Meet the Author - Anthony Doerr



In honor of our celebration of Librarians and Libraries, it seems only fitting that our inaugural "Meet the Author" is Anthony Doerr for his recent book Cloud Cuckoo Land that is lovingly dedicated "For the librarians then, now, and in years to come".   
  1. How would you describe what you do?

Anthony:  I sit alone in a room for a good portion of every weekday and mess around with sentences.

  1. What do you like best about what you do?

Anthony:I love the magic of storytelling. Whales can sing and elephants can remember vast geographies and tens of thousands of kinds of sea creatures can illuminate their bodies, but we might be the only species on the planet that tells stories. And look what we’ve done with that superpower: We’ve constructed empires, built global religions, hacked through continents to build canals, fished out oceans, sent probes outside our solar system, performed symphonies over Zoom… all because of stories.

  1. What is the hardest thing about what you do?

Anthony:  Being alone all day.

  1. Are you a “plotter” or a “pantser”?

Anthony:  I’m a plantser. I like to know where I’m going, but I also love the moment of surprise when a project wanders down a path you didn’t predict. You’re on a walk at the end of a workday and you think—wait, what if this character did this? And then the next day you adjust your plans and try it. 

  1. What does your writing process look like? Do you write with regularity or when the inspiration strikes?

Anthony:  I write every day—or every weekday, anyway. I find that if I don’t, the ‘paint’ on a given project tends to dry, my subconscious stops operating on it, and the whole thing withers..

  1. Do your characters come to you fully formed or do they evolve as you write?  Do they ever surprise you? 

Anthony:  Characters never come fully-formed, and they often don’t only evolve—they often radically transform themselves halfway through a project. Their age changes, or their gender, or they make an entirely different decision, or they go away altogether.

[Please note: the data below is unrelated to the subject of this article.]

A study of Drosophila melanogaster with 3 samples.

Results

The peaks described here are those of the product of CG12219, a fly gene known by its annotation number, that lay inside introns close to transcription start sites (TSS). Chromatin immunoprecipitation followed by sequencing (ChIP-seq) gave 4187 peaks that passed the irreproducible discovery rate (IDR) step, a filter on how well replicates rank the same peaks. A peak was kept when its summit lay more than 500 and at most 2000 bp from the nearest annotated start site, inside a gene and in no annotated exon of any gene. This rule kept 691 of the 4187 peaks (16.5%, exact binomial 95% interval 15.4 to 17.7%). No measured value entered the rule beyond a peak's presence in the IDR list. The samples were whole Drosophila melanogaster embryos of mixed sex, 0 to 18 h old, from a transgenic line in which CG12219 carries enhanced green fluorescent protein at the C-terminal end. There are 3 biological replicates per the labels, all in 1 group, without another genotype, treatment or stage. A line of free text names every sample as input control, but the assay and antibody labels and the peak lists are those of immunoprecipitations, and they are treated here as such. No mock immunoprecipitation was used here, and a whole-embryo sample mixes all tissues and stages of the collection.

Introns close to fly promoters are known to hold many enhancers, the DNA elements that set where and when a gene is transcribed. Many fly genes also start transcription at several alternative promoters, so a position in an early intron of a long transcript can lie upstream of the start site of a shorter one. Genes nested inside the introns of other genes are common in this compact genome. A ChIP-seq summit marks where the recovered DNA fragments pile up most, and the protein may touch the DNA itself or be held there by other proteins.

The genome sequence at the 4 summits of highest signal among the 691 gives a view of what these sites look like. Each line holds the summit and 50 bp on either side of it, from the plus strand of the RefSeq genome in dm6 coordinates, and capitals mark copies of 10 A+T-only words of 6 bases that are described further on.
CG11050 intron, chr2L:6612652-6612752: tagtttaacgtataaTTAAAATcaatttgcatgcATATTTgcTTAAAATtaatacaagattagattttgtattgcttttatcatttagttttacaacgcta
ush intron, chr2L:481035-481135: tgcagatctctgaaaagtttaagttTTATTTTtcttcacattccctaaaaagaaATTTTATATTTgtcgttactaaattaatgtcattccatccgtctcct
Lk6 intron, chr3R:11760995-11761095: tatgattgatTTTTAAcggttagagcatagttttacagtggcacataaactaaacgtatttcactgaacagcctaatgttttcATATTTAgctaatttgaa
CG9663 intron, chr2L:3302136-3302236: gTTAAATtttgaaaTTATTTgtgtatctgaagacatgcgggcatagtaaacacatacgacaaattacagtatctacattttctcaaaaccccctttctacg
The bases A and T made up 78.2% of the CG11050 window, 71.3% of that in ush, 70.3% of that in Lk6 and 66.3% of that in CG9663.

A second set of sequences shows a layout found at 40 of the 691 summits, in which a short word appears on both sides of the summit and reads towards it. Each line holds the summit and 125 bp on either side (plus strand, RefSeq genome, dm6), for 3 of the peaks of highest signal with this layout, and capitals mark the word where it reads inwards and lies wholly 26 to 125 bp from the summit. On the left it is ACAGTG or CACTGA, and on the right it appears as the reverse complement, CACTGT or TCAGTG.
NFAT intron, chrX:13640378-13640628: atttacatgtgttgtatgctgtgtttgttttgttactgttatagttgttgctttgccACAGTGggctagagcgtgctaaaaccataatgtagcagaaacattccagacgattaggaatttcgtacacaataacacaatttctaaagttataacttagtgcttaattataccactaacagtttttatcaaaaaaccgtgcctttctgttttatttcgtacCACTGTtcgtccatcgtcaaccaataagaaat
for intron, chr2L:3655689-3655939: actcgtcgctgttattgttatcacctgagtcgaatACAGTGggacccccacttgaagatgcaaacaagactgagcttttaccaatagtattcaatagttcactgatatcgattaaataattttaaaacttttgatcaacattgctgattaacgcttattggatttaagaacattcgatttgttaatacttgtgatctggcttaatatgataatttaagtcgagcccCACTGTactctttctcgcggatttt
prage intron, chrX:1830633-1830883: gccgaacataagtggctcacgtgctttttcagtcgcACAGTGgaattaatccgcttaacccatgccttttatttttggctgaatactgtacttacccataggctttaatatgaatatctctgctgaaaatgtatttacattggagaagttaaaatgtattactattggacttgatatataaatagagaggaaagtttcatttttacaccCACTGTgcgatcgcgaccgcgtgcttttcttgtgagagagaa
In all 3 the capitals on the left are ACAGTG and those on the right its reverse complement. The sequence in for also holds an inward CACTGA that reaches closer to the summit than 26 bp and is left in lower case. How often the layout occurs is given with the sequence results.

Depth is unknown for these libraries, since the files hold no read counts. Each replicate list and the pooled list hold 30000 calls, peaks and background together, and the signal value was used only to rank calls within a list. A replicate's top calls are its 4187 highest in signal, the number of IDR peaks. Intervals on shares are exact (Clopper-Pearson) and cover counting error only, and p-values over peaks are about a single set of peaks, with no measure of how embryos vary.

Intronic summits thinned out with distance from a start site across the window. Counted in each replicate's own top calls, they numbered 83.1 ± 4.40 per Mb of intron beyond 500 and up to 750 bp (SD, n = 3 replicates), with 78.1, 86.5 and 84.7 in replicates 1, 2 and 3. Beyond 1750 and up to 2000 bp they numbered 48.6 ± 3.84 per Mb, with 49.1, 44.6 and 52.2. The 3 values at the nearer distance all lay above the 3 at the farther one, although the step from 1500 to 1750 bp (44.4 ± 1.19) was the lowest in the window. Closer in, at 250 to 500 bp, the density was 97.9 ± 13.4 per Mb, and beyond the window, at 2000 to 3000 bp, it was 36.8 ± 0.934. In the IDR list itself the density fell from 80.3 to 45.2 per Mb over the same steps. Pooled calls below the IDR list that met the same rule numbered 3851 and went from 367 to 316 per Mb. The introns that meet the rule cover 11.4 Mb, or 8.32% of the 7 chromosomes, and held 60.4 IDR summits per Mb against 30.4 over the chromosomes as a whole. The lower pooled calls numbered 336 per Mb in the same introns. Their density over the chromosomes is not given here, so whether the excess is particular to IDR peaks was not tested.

1. When you write dialogue for your characters, do you hear your voice or theirs?

Anthony:  For me, dialogue is generally born from some strange alchemy of invention, research, and experience. But perhaps the longer I work on a character, the more idiosyncratic and developed her or his voice becomes.

  1. What is the best piece of advice about writing that you ever received?

Anthony:  To read. The wellspring of all good writing is in reading good writing by other people.

  1. What is the biggest change that you have made in a piece that you were writing?

Anthony:  Oh dear, there are many. Halfway through All the Light We Cannot See, I moved the whole book out of World War II and into a fictional war, then moved the whole thing back. That chewed up a couple of months.

  1. What authors most influenced your decision to become a writer?

Anthony:  Alice Munro, W.G. Sebald, Virginia Woolf, Lorrie Moore, Jack Kerouac, Marguerite Yourcenar, Anne Carson, Marilynne Robinson, Shirley Hazzard, Denis Johnson, Fitzgerald, C.S. Lewis, even Bill Watterson, who wrote the comic Calvin & Hobbes… Anytime I get overwhelmed, or exhausted, I return to the writers I love, and they remind me why I was called to this weird vocation in the first place.

  1. What book do you recommend that everyone read?

Anthony:  Everyone should probably read Don Quixote before they die—it’s such a foundational Western novel, and it’s hilarious to boot. Try the Edith Grossman translation.

  1. What is a project that you haven’t done yet, but have always wanted to do?

Anthony:  I’d love to write a plausible, persuasive, and not-ridiculous story involving Neolithic or Mesolithic people.

  1. What is currently on your bedside table?

Anthony:  Alcestis, a play by Euripides; Lost and Found: A Memoir by Kathryn Schulz; and Objects of Desire, a story collection by Clare Sestanovich.